Atherosclerosis is the main underlying cause of cardiovascular disease (CVD) and due to its multifactorial natural is often studied in animal models. Here the aim is to develop an innovative ex vivo system to study the atherosclerotic disease process based on the actual human atherosclerotic plaque. In line with the Transition to Animal-free Innovation (TPI), the aim is to develop a model that generates data on the effect of novel drugs that is highly translatable to the effect of the novel drug in the cardiovascular patient, while at the same time minimising the number of laboratory animals used. Moreover, the aim is to utilise this model to discover new biomarkers of successful treatment, which could expedite the transition of CVD therapeutic into clinical trial.
The IMAGEN consortium aims to improve diagnostics of patients with ciliopathies and tubulopathies, enhance quality of care, and translate genetic findings to personalised care by testing pharmacological treatment approaches based on patient-derived disease models.
The RBD‐CURE project will develop innovative gene therapy approaches for patients with rare bleeding disorders. The unique expertise of Sanquin on bleeding disorders together with the advanced gene therapy strategies developed by SanaGen and the Netherlands Institute for Neurosciences aims to provide a permanent cure for patients with rare bleeding disorders.
Hepatocellular carcinoma is the most frequent liver malignancy and the fourth most common cause of cancer-related death worldwide. There is a clear clinical need for accessible and reliable parameters to identify high-risk populations in order to decrease the high mortality rates of hepatocellular carcinoma.
In muscle diseases, muscle fibers lose their capacity to contract, resulting in loss of mobility and respiration. In this project advanced 3D models of muscle diseases in vitro will be generated and the effects will be investigated on the smallest contractile unit present in muscle cells using highly sensitive force measurements.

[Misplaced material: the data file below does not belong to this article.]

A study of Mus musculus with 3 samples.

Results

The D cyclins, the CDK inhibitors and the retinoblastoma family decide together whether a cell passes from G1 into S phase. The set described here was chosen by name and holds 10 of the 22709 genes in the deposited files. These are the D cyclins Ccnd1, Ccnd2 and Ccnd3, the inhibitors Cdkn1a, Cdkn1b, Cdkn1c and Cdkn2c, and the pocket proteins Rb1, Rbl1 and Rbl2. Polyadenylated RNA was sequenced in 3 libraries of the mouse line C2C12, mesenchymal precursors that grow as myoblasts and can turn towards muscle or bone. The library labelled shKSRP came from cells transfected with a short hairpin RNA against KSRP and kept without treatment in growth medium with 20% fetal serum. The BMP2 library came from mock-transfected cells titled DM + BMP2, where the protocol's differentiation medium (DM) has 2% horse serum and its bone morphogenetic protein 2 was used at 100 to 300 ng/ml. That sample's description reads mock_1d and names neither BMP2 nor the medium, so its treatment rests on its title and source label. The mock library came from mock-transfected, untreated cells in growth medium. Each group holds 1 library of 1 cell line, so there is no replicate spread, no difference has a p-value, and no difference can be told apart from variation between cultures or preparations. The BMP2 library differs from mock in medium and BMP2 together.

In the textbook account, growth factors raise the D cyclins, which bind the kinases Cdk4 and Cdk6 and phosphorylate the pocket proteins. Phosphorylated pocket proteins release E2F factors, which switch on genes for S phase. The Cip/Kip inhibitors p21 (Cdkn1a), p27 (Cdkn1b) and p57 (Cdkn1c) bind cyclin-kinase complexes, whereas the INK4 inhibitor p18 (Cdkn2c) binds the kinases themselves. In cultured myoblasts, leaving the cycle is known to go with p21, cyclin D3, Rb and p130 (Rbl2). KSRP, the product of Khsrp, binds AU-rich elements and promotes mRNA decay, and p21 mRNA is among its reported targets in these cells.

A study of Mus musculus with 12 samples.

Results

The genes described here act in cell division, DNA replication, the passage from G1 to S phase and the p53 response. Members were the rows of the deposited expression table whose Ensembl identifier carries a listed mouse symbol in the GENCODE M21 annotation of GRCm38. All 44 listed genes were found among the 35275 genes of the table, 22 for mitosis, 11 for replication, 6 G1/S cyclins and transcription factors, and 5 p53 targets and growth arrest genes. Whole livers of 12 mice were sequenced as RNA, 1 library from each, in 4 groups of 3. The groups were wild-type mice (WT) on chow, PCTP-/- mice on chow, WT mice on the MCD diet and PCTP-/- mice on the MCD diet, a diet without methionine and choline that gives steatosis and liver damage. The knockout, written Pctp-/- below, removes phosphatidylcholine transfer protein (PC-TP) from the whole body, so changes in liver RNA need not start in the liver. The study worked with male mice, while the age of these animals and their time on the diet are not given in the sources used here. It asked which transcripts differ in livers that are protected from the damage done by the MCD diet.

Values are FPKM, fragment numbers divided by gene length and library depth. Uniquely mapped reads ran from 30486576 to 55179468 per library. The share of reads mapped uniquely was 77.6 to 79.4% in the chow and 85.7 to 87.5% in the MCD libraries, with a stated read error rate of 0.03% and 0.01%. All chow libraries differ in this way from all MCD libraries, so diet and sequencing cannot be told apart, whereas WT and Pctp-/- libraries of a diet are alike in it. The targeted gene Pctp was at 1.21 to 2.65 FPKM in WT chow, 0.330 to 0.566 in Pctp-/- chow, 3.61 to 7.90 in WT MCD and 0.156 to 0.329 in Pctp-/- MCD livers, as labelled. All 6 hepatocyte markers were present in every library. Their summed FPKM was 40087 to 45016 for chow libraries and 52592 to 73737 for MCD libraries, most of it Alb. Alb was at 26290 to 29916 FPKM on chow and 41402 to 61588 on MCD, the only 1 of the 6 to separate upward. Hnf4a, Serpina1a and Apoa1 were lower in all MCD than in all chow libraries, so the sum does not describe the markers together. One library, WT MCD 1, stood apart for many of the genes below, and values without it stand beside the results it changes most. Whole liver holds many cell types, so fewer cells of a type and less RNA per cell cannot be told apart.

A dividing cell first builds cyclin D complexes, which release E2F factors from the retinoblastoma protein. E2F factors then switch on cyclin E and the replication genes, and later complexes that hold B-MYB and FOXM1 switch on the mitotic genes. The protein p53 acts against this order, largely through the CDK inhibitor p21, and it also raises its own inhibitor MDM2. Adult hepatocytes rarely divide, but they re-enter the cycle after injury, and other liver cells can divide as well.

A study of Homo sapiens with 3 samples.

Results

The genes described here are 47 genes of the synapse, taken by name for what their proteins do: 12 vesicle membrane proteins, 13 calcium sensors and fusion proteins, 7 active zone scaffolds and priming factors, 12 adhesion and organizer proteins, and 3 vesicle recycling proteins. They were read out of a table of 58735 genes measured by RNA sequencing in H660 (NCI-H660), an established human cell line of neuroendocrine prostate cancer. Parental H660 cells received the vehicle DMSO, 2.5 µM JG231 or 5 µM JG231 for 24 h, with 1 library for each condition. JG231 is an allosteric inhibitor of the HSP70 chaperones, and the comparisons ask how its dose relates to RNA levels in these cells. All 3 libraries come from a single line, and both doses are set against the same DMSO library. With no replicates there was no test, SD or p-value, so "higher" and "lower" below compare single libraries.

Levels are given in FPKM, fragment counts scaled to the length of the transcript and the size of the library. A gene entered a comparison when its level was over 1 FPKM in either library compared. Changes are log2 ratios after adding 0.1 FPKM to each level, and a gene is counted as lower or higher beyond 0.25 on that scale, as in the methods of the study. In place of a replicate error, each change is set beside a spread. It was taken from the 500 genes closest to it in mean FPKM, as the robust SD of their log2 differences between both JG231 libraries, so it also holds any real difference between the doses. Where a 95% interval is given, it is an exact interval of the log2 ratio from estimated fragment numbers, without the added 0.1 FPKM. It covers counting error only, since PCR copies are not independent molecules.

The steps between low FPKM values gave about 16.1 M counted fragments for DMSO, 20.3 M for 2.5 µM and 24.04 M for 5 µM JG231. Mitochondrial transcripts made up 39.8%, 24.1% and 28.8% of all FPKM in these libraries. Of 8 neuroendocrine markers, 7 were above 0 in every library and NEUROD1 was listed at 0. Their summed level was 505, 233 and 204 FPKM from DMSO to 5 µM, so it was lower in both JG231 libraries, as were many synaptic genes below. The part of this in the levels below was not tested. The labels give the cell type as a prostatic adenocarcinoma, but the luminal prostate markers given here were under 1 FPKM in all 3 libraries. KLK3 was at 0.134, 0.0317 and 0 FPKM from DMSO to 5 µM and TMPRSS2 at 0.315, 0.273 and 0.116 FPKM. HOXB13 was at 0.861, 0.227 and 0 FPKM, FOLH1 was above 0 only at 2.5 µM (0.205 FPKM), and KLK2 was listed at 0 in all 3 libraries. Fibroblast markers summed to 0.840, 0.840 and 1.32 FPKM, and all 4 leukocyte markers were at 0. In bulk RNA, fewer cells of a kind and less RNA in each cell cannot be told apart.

The immune system has potent mechanisms with which it deals with intruding viruses, bacteria and tumors, protecting us from disease. However, tumors contain mutations leading to resistance to the immune system. The NextIO project aims to develop a medicine that restores the sensitivity of the cancer to the immune system.
The aim of this project was to develop methodologies for robust, and safe in vivo gene editing in skeletal muscle tissue. The project has provided a valuable tool set for researchers around the world to perform gene targeting in skeletal muscle, enabling the development of personalised gene therapies for genetic muscle disease and metabolic diseases.
Acute myeloid leukemia (AML) is a form of blood cancer that is still difficult to cure and better therapies against AML are clearly needed. As a continuation of a long-standing collaboration between the Schuringa lab at the UMCG and Janssen will exploit potential novel targets against leukemic stem cells.
Increasing evidence suggests that dynamic changes in the transcriptional state of specific cell-types plays a key role in determining disease outcomes. Here, cell-type specific changes will be detected in tuberous sclerosis complex cortical tubers and assessed if these cell-type changes are involved in the pathogenesis of epilepsy.
The aim is to improve vaccines by including viral innate immune antagonists that are co-expressed with the antigen to boost vaccine efficacy.